Applications to the region’s public universities are down significantly this spring, and officials are trying to figure out why.

Though next fall’s enrollments may still catch up with past years, as of right now, applications are down at Eastern Washington University, Washington State University and the University of Idaho.

Meanwhile, applications to private schools Gonzaga and Whitworth are up dramatically – though Gonzaga’s seeing fewer applications from Washington students.

As the trend unfolded this spring, admissions officers were surprised.

“All the demographics say they should be there,” said Julie McCulloh, dean of admissions at GU. “None of us were expecting a decline” in Washington applications.

Washington state officials are compiling records from all schools to see whether fewer students applied – or whether each student applied to fewer colleges. .

“We hope to figure out more of this as we move through the cycle,” said Michelle Whittingham, associate vice president for enrollment services at EWU.

Whittingham and other enrollment officials cited several possible reasons for the difference, though none has been substantiated. It’s possible the state’s high school graduating class was smaller than predicted, more Washington students applied to out-of-state schools or the recent increase in application fees from $36-$38 to $50 cut the number of schools families considered.

“Maybe families said instead of spending $200 (on applications) we’re going to spend $150,” Whittingham said.

Vicki McCracken, associate vice president and associate vice provost of enrollment services at WSU, studied price sensitivity as an economics professor. “Despite the fact that $12 … is a very small amount relative to the cost of higher education, people frequently react to small changes,” she said.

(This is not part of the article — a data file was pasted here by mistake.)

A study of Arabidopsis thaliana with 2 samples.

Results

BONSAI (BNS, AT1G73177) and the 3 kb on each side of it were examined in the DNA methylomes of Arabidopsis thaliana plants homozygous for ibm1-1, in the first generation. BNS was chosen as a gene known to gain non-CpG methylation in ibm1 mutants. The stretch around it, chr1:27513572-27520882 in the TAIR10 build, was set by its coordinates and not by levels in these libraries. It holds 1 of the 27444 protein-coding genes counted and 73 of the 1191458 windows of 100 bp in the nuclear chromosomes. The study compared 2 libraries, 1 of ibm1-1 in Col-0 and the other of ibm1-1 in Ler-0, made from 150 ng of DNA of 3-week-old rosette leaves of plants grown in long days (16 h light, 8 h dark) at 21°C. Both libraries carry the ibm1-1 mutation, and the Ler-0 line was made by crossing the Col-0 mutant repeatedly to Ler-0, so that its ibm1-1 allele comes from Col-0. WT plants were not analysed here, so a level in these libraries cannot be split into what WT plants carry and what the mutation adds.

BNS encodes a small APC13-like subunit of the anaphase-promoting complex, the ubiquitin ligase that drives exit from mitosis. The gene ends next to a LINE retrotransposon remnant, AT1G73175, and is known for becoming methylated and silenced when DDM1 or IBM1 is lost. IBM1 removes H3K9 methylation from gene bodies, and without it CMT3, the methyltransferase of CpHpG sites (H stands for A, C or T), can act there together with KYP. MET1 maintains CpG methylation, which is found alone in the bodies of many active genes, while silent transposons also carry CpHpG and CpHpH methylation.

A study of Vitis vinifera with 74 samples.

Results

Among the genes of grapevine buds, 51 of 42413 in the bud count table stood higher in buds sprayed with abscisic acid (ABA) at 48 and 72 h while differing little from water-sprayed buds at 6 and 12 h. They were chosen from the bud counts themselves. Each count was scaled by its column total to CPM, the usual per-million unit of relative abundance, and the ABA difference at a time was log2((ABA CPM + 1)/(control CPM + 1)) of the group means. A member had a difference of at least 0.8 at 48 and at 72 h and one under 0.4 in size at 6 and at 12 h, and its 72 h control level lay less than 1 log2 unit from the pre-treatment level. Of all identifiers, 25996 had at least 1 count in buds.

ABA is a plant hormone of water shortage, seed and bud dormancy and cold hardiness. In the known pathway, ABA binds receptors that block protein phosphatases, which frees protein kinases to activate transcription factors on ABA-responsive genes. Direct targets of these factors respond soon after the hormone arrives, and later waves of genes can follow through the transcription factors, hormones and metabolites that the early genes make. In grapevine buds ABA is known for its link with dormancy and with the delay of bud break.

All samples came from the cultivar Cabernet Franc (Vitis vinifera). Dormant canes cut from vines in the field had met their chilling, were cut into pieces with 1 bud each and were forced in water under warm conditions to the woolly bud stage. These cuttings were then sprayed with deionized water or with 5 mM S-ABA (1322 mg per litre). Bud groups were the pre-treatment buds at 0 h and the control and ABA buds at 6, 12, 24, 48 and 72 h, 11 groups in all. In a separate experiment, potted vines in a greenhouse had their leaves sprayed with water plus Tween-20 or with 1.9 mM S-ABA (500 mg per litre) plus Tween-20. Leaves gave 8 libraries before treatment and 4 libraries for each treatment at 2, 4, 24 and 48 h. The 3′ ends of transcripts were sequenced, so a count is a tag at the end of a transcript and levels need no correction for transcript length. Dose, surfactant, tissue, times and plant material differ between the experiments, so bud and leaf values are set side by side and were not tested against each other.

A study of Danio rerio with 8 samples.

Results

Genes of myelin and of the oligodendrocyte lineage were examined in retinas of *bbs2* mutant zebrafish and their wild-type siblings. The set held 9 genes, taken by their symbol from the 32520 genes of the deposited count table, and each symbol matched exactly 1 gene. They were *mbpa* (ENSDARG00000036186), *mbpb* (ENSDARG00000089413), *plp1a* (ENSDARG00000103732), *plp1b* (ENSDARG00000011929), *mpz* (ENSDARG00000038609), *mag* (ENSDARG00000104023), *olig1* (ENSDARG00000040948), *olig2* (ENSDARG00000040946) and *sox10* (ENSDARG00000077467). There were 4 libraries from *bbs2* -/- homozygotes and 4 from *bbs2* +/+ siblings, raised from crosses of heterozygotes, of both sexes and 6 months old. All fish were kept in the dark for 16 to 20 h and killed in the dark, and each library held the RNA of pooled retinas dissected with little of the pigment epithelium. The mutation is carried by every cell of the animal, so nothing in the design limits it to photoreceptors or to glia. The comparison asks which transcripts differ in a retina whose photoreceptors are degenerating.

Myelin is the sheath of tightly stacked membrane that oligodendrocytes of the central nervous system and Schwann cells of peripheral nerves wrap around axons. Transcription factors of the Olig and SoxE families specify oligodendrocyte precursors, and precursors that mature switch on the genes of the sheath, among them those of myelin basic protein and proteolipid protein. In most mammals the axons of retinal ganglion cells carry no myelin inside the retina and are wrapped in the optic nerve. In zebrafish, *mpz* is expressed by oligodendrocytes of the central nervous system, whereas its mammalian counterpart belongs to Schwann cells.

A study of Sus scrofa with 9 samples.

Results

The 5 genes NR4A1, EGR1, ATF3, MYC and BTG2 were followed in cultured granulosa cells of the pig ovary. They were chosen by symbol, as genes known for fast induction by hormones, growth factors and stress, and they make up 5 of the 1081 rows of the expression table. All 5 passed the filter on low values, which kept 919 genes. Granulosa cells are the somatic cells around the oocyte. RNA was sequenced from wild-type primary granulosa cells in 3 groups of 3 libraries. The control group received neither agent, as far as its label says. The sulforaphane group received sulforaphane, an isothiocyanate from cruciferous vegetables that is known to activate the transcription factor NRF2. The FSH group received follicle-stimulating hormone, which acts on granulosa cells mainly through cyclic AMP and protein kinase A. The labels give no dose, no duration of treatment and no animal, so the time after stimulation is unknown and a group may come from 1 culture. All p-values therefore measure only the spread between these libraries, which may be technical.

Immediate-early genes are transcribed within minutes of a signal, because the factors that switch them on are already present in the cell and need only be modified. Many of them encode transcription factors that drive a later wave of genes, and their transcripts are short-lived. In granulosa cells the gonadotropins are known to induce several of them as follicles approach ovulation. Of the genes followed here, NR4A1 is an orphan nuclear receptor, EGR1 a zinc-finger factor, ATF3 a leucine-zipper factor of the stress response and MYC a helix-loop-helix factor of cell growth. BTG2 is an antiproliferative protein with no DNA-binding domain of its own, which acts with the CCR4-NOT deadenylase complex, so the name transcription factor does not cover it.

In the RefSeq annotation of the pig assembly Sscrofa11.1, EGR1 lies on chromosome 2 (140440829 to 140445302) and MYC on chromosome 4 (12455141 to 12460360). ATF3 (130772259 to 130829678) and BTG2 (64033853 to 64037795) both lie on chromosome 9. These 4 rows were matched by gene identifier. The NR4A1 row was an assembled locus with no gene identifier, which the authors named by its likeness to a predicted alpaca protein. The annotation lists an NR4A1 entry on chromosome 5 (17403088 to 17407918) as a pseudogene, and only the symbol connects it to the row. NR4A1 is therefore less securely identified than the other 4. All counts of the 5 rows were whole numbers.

The problem is most pronounced at EWU, which may wind up with a smaller freshman class next fall and a resulting drop in state funding. The school, whose which enrollments have increased 18 consecutive quarters, has accepted 20 percent fewer freshmen than it did last year at this time. Freshman applications are down about 16 percent, from 4,040 last year to 3,398 so far this spring.

WSU’s figures are down from last year by about 3 percent, but it’s the second year in a row that applications have slid.

University administrators said the problem seems particular to this state, and they haven’t heard much about the problem elsewhere, though it’s early. At the University of Idaho, freshman applications are down slightly, but that follows an unusual spike in applications last year. Enrollments in several key colleges on the Moscow campus have grown steadily for years, they said.

On the other hand, applications to Spokane’s two private colleges, Whitworth and Gonzaga, have continued to grow rapidly. Whitworth’s applications have more than doubled since 2000, and they went from 2,062 last year to 2,675 this spring.

Fred Pfursich, dean of enrollment services at Whitworth, said he’s not sure what’s behind the recent surge, but notes the school increased efforts to bring visitors to campus last year. Whitworth, which is opening a dorm next fall, will accept a freshman class that’s about 10 percent larger than last year, he said.

He said applications and enrollment, like a lot of things in higher education, differ greatly among institutions.

“Even in Spokane, where we have Whitworth, Gonzaga and Eastern … we’re all similar in some ways and yet we all have different experiences from year to year,” he said.

Gonzaga’s applications have risen 80 percent since 2000, and went from 4,321 last year to 4,915 this spring. McCulloh said the school’s high profile in basketball has helped promote the rest of the university, and that demographic trends in states like California have helped drive interest.